Hi, I am new in this forum and perl as well. I have a question. I have a form with 3 fields name, phone number and email address. now if any user put the wrong data in any one or more field, I just want to display a message where they made the mistake and the correct one should be the same as they entered. Example...
Name : John
Phone: 01452kao41 (this is the error)
email add: mail@email.com

when the user submit the form, the error message should appear and it will say where the error is, and I want that the name John and email add should not be changed as they are correct, so they user don't need to enter the same data again.

Can any one please help me?

Recommended Answers

All 11 Replies

see devshed for a reply to your question

Frankly, I would probably use Javascript for a solution to your problem; however, let me tell you what I have done in the past for your very issue. I used Mason a lot - which is sort of like a perl version of JSP or ASP. In Mason, you can parse web pages and embed perl code in the HTML with the:



tags. So, let's say you have a form that has three required fields, as you say. Mason would allow you to run checks on submit and, if one or more of these checks fails, you can do what Mason calls an "internal redirect" (which is like an include) in which you still have the STDIN (POST parameters) in memory and you could fill out the form with the correct entries and pass an "error message" back to the original form that appears on the screen next to or above the form. I do this in a login system with Mason, but I can't really show you the code, because it has encryption and a bunch of other internal access control checks (via "handlers" in Mason).

If you want to use CGI, you can do the same thing, but what you will have to do (or what I did in the past) is pass back the parameters to the original form on the URL line (like after a ? for query string), but you probably don't want to do it in clean text (like url.cgi?name=John&email=john@abc.com). Some people do that but I'm a CISSP and that gives me the willies. So, what I have done in the past is encode the query string (with a reason for failure) using something like base-64 encoding (or better a symmetric encryption algorithm plus base-64 encoding) and when you come back to the original page, you can unencode/decrypt the query string and have the parameters back in clean text to pre-fill the form.

Good luck!

Too bad the OP will never come back here to read the replies. They got their answer on a different forum back in December 2008 and have pretty much never returned here since then.

Really - well too bad for him/her/them. I hope that they have "replies on" and get notification. I wonder how many people here have used Mason? Have you Kevin? It's pretty dang cool - part scripting, part mod_perl.

BTW my name is Mike.

Oh, one more thing - I'm surprised how many newbies are here - is that expected?


Hi Mike,

I have used Mason but on a limited basis. I don't actually do much programming or web work these days. I keep from getting too rusty by answering questions on forums.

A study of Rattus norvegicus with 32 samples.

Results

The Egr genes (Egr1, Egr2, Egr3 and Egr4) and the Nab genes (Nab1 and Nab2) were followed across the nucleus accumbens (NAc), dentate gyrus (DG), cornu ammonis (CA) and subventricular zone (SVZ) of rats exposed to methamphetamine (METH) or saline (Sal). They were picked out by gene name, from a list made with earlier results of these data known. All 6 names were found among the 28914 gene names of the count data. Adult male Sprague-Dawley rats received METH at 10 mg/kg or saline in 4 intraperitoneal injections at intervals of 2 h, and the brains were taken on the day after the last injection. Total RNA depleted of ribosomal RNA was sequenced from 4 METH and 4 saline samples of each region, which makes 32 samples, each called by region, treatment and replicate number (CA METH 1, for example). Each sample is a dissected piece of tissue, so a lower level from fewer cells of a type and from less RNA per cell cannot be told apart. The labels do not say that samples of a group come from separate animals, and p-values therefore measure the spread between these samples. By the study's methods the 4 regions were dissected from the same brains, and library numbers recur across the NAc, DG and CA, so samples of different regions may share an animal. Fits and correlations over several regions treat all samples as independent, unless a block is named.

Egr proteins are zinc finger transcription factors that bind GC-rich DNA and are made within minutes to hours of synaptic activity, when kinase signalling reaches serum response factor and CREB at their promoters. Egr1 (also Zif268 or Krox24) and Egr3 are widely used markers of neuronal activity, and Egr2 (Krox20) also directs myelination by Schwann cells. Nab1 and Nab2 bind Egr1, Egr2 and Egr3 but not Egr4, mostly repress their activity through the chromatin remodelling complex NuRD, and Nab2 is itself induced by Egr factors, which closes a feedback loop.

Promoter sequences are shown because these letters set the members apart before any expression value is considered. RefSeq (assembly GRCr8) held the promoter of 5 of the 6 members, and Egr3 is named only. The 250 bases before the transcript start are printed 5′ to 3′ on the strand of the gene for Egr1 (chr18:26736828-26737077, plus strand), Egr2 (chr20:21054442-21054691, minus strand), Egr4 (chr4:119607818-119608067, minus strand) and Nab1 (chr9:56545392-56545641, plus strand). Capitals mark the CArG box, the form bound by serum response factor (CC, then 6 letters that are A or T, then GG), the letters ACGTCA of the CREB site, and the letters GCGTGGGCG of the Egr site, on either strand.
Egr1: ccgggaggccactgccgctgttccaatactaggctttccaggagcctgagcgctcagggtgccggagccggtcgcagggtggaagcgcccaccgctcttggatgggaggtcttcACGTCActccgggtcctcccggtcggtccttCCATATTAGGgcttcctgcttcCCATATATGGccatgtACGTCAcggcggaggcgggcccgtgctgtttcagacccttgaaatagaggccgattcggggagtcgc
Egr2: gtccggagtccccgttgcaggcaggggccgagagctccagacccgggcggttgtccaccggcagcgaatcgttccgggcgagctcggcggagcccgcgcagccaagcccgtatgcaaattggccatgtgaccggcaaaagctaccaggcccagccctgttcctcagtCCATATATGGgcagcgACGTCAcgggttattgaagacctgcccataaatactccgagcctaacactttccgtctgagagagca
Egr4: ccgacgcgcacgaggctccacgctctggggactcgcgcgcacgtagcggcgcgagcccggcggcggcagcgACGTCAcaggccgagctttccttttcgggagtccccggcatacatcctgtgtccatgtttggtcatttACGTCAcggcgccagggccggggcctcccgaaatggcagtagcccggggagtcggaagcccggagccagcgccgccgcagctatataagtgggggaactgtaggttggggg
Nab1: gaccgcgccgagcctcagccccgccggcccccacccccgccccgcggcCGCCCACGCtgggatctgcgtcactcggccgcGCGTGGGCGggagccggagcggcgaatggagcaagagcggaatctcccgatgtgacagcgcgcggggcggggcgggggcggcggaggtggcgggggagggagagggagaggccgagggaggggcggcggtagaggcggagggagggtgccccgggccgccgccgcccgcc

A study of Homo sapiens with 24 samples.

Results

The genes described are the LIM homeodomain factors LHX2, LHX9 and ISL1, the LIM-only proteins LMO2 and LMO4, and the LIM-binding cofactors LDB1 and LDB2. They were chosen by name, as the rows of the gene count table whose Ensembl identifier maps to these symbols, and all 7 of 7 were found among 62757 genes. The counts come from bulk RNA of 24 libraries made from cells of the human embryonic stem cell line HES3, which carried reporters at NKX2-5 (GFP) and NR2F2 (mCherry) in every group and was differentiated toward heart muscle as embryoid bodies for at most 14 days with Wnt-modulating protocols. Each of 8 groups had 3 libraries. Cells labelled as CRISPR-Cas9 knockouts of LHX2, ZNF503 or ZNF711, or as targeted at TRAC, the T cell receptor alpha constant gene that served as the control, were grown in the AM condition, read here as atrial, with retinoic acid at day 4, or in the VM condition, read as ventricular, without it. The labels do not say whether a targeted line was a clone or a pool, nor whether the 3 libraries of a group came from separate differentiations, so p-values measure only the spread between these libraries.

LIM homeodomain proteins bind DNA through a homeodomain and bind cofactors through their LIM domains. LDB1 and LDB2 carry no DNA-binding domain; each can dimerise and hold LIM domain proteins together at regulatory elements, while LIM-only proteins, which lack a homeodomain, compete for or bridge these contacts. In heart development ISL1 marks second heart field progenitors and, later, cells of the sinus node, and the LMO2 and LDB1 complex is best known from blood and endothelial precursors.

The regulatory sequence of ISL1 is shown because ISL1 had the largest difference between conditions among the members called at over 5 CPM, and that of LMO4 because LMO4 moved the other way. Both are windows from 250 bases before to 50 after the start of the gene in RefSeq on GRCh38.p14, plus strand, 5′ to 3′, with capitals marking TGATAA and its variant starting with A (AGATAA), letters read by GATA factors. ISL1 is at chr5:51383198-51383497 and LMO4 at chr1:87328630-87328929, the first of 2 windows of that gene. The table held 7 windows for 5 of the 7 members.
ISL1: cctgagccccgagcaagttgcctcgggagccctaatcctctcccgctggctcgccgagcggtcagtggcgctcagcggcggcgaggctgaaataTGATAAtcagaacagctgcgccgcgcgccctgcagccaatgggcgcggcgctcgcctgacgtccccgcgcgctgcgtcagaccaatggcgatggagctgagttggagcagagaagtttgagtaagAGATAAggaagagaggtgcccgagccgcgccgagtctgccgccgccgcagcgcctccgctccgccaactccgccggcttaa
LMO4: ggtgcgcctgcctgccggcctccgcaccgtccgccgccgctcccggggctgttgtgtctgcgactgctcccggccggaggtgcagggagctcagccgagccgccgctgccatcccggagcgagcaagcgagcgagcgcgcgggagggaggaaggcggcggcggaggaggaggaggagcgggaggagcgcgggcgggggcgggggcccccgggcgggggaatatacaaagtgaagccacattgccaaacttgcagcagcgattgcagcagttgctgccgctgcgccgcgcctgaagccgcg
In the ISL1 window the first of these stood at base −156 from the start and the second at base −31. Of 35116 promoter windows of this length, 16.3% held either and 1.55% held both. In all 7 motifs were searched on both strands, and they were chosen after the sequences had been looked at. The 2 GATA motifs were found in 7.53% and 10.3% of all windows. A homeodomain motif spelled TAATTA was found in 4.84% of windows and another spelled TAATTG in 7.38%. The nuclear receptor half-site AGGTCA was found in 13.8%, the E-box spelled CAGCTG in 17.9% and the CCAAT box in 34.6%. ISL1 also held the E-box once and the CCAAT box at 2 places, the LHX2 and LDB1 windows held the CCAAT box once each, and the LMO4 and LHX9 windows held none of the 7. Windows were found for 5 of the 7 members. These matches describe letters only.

Most of the people that ask for help on forums are students or newbies.

You might want to check out www.perlmonks.com if you haven't already. The questions range from beginner to extremely advanced. I read that forum but I don't post on it as there are already a lot of very good perl people answering questions there and quite often the questions posted are too advanced for me to answer anyway. You might find it stimulating.

The perl forum on tek-tips.com used to be pretty busy but has tapered off, as well as perlguru.com. They get activity but not like they used to.

The Daniweb perl forum is erratic. The average is just a few questions a month, mostly newbies or beginners with pretty easy questions.


Well, hey, I don't have time (and nor do you i expect) to respond to posts - haha. I have looked at perlmonks and briefly at tek-tips but the reality is I'm busy (as I am sure you are). I rarely (since the pure newsgroups of the mid 90's) gotten much hel p from the internet. I have just been trying to help when someone helped me (aka daniweb system help). I could migrate to these other forums, but I don't have the time...

Thanks Kevin.


Cool. Actually I have plenty of time to read and post on forums. For me thats not a problem. I'm a semi-retired grandfather these days. In fact I have to go and pick up a grandson from school in about 30 minutes.

well hey good for you. I have 4 kids - 17, two 12 year old twins and a five year old. I don't really have time, but I'd love to share back. If I could help more I would. I am a CIO of 20 firms and I help them all I can, but I really am an (expert - I hate to say that because there are so many other better people_ of perl and woul dove to help newbies and others. I just want to give back but with the current economy (I'm in NYC) I do what I can.

Thanks for your help Kevin! I added to your reputation.

Take good care,


You too Mike, take care. Nice to "meet" you. I'm on the left coast in Southern California.

Cool for you. I lived in LA in 1985. Now I live in NYC. I try to help - those perl monks are probably beyond me - hehe. I said I am the CIO of 20 firms - that is a typo - I am the CIO of 200 firms. I do the best I can, but perl helps me everyday. I had a friend who once said - if you are a gunslinger at least you have a gun... and perl is my gun haha.


Be a part of the DaniWeb community

We're a friendly, industry-focused community of developers, IT pros, digital marketers, and technology enthusiasts meeting, networking, learning, and sharing knowledge.